Suitable rebranding at the right time provides many opportunities. Your brand can be modernized, your external image adapted, and your corporate identity revised. The rebranding process should always be well thought out - an ill-considered rebranding can damage your brand. This article shows you some examples of how rebrandings can look like and how they can overcome the challenges that arise.
Looking at Microsoft, it's clear that rebranding doesn't always require a complete restructuring of external communications. For example, Microsoft renamed its search engine from "Bing" to "Microsoft Bing" in 2020, making it clear that the search engine belonged to the Microsoft group. At the same time, they adjusted the product logo to better fit Microsoft's corporate design. This rebranding example was quiet, so it was not explicitly communicated by Microsoft. The logo is very close to the logo of the entire corporation and thus fits seamlessly and unobtrusively into the corporate design. However, the logo’s stylized lowercase "b", a previously central identifying feature and design element, disappeared.
It’s not only with Bing that we can see a trend towards emphasizing Microsoft as a brand. In 2020, Microsoft's productivity solution was also rebranded from "Office 365" to "Microsoft 365". However, since Office 365 is a service with paying users, Microsoft communicated this rebranding publicly. Microsoft also restructured their general range of services so that Microsoft 365 offers additional functions compared to Office 365.
In addition to individual brands and services, the Microsoft logo itself has changed over the years. Here, the necessity of rebranding becomes very clear: the original company logo from the 70s would simply no longer fit an innovative technology company of today.
Tropicana demonstrates that rebranding is always a risk. Tropicana is a brand of PepsiCo and mainly known for its orange juice. In early 2009, they decided to change the print on the beverage carton for the North American market. The iconic design of an orange with a straw was replaced with a more modern, minimalist look.
The image shows that many of the established design elements changed as part of the rebranding. The orange with a straw was replaced by a glass of orange juice, the brand name got a new font and was rotated by 90°. The classic orange was revisited in the new cap but was much more inconspicuous than before. So, many iconic design elements were replaced at once. This caused many customers to lose their connection to the brand, as they no longer associated the new carton with Tropicana.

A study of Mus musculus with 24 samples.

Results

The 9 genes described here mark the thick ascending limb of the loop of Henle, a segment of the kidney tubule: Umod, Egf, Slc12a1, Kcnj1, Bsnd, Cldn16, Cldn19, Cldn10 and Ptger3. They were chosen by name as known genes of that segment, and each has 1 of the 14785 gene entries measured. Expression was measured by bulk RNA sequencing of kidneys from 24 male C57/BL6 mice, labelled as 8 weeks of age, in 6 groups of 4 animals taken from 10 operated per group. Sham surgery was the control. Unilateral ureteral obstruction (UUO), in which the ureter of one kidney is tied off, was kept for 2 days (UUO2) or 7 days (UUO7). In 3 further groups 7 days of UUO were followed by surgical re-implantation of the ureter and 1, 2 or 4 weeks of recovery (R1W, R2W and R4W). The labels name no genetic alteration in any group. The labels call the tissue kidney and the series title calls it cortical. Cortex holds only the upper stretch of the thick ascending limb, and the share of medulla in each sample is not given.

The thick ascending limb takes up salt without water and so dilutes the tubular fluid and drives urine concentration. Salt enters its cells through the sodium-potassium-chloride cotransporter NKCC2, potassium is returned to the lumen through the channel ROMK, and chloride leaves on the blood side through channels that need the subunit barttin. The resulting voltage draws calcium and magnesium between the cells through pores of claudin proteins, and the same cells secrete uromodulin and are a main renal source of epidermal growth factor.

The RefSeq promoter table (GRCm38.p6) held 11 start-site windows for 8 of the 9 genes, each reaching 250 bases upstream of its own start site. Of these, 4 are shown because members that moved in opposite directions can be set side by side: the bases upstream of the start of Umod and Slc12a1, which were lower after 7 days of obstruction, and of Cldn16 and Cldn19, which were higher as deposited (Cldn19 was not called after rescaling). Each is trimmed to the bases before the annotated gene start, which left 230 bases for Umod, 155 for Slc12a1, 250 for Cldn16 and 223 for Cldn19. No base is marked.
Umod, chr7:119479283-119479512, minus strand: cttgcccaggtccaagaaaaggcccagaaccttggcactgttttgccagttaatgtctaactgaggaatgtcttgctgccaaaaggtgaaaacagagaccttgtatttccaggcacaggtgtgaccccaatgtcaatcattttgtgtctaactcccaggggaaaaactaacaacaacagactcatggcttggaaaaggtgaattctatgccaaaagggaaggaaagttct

In the weeks that followed, sales of the brand dropped by 20%, resulting in a loss of $20-30 million. Besides that, the rebranding itself and the related marketing campaign cost $35 million. After two months with the new design, management decided to return to the old design.
This rebranding failure shows why a rebranding must be well thought out to avoid severe consequences.
As a final example, we highlight the rebranding of the chemical and pharmaceutical company Merck. In 2015, the company decided to overhaul its entire brand identity. The idea was to represent the transformation of the company from a classic chemical and pharmaceutical company to a global science and technology group. To this end, outdated elements were removed and replaced with younger, eye-catching elements to further strengthen the "Merck" brand name.
With such a massive rebranding example, there are of course many administrative challenges. Among other things, a new logo, new colors, and new templates were introduced. Countless documents, files and presentations had to be updated with the new design to ensure a consistent corporate identity. And of course, employees had to apply the new design appropriately.
Merck decided to work with empower® to provide its employees with an intuitive tool that guarantees the correct implementation of the rebranding in all presentations. Why Merck KGaA chose empower® is best explained by Brigitte Schneider (Head of Brand Design at Merck KGaA) herself:
empower® supported Merck as a user-focused rebranding tool. empower® ensures that new design decisions are implemented quickly and sustainably.
If you are planning a rebrand or looking for a tool to ensure consistent design in your documents, we will be happy to support you. Start now with empower®.